Paul Krishnamurty searches for outside bets at 99-1 or better in both of this week's events. Check out his trio of selections here...
"Short game has always been his forte and he has brought it to majors before, finishing top-eight in both the 2016 US Open and USPGA. Indeed, during that season and 2015, Summerhays was very consistent in the big championships on tough courses."
Back Daniel Summerhays e/w @ 125/1
This may not be the most significant week on the golfing calendar, but it is certainly one of the more interesting. A new format at the Belgian Knockout and the showcasing of unique course at the Byron Nelson Championship that looks set to host major championships in the not too distant future.
Belgian format may suit consistent Brown
Nine-hole knockout over the weekend may not be to everyone's taste, but I think this event could become a cracking punting heat - especially in-running. For a detailed explanation of how the format works, check out Steve Rawlings' comprehensive preview. He mentions two angles - relative youth and tee to green accuracy - both of which apply to my pick.
At 30, stamina shouldn't be a problem for Steven Brown and he's precisely the age when most players start to peak. He's started his rookie Euro Tour campaign well enough, recording his third top-20 and best result to date with seventh in Sicily on Sunday. In his last eight events, he averages an impressive 72% of greens in regulation.
Another big positive is Brown's consistency in 2017. He made his last 21 cuts, including six top-seven finishes on the Challenge Tour. The name of the game this week is to make the 64-man cut, then start level going into the knockout. At that stage, avoiding mistakes by hitting greens in regulation will be at a premium.
Majors pedigree could be all-important in Texas
In truth, I'll be surprised if an outsider wins the Byron Nelson. Trinity Forest sounds like the real deal - the closest to a UK links we've ever seen in the USA. Very few will have much experience of such a course, let alone prowess, and the cream are likely to rise to the top. As in Belgium, there's a lot of guesswork involved but several clues to nonetheless utilise. Check out Steve's preview for a comprehensive overview.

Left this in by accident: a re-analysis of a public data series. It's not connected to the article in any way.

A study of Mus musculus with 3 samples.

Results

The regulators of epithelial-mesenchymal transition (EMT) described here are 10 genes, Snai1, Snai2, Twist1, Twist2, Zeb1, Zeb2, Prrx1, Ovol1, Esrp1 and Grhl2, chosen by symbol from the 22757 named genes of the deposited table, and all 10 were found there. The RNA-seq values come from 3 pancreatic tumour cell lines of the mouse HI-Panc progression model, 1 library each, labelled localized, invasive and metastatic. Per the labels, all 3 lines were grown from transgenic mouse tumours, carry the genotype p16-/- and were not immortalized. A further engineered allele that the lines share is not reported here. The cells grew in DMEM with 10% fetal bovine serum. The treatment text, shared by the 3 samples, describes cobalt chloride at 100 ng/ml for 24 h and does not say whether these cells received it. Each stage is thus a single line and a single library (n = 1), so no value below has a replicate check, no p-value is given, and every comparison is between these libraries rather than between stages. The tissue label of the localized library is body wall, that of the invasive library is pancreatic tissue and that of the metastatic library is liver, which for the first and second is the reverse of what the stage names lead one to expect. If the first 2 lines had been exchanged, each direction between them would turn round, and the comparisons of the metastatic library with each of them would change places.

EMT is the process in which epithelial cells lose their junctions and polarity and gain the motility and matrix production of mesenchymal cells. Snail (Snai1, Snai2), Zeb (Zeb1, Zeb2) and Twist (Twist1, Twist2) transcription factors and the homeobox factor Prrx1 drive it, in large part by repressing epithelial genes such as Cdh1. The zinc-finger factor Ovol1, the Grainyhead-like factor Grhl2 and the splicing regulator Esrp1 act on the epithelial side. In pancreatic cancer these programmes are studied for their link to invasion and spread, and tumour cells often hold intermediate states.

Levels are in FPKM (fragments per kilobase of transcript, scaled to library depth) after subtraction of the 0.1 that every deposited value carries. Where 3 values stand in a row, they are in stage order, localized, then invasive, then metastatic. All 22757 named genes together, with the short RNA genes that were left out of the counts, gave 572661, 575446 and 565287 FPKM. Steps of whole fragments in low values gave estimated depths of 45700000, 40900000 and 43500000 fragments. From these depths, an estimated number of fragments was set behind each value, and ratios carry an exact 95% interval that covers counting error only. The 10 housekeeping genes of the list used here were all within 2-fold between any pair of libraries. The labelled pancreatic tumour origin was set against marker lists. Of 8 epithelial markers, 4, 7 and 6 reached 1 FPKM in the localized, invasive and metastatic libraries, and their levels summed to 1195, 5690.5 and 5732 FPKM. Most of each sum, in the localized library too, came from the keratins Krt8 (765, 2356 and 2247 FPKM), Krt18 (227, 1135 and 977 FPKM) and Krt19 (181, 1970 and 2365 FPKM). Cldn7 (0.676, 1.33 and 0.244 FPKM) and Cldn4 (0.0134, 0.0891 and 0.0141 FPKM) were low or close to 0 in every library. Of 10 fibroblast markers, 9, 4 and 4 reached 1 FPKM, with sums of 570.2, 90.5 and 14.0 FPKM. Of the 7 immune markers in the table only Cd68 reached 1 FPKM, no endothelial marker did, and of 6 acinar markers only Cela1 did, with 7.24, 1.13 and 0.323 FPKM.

Various courses have been noted as presenting a similar test, including recent US Open venues Chambers Bay and Erin Hills. Jordan Spieth won at the former and says Royal Birkdale, where he is of course reigning Open champion. Our purpose here is to find outsiders but this is one of those rare occasions where the favourite appeals.
So far as the stats go, three pointers spring to mind. First, Steve is spot on to prioritise strokes gained approach to the green and I'm also very interested in strokes gained around the green. Scrambling sounds extremely challenging, with predictions of putting catastrophes. Three-putt avoidance may also be one to follow.
Summerhays ranks third in the last named stat, despite what has otherwise been a poor season. Likewise, 57th for strokes gained around the green is respectable given results and the calibre of players above and below that ranking. Short game has always been his forte and he has brought it to majors before, finishing top-eight in both the 2016 US Open and USPGA.
Indeed, during that season and 2015, Summerhays was very consistent in the big championships on tough courses. That form has deteriorated markedly but there have been recent promising signs, finishing eighth alongside Tony Finau in the Zurich and sixth in a Web.com event. He has a fine record at another exposed Texas layout, San Antonio, and is fancied to appreciate this test more than most.
The current Birkdale champion may be out of range for outsider backers but we can have a cheeky punt on the previous one. Harrington may be a pale shadow of his three-time major winning self nowadays, but he is still capable when conditions suit. Last year he managed a couple of top-fours in good European Tour events and he won a title in each of the three previous years.
The key to those good results in Europe was having plenty of room off the tee, negating his ruinous weakness. In terms of approach play, imagination and short game, Harrington can still produce something reminiscent of his peak. If anywhere is going to bring it out, an exposed links with no rough and a premium on short game is it.
For a change, very few alternatives came in for serious consideration in either event. In Belgium, Lorenzo Gagli and Christiaan Bezuidenhout were on my list but are trading just below [100.0]. In the States, Abraham Ancer is interesting around [210.0] on the basis of his early form and scrambling stats, including in Texas.
First reserve is a massive outsider - Greg Chalmers at [450.0]. I think Aussies will appreciate some similarities with their sand-belt courses and his forte was always scrambling. He leads the three-putt avoidance stats and has a couple of decent form claims in 21st at Quail Hollow and 17th in the Honda.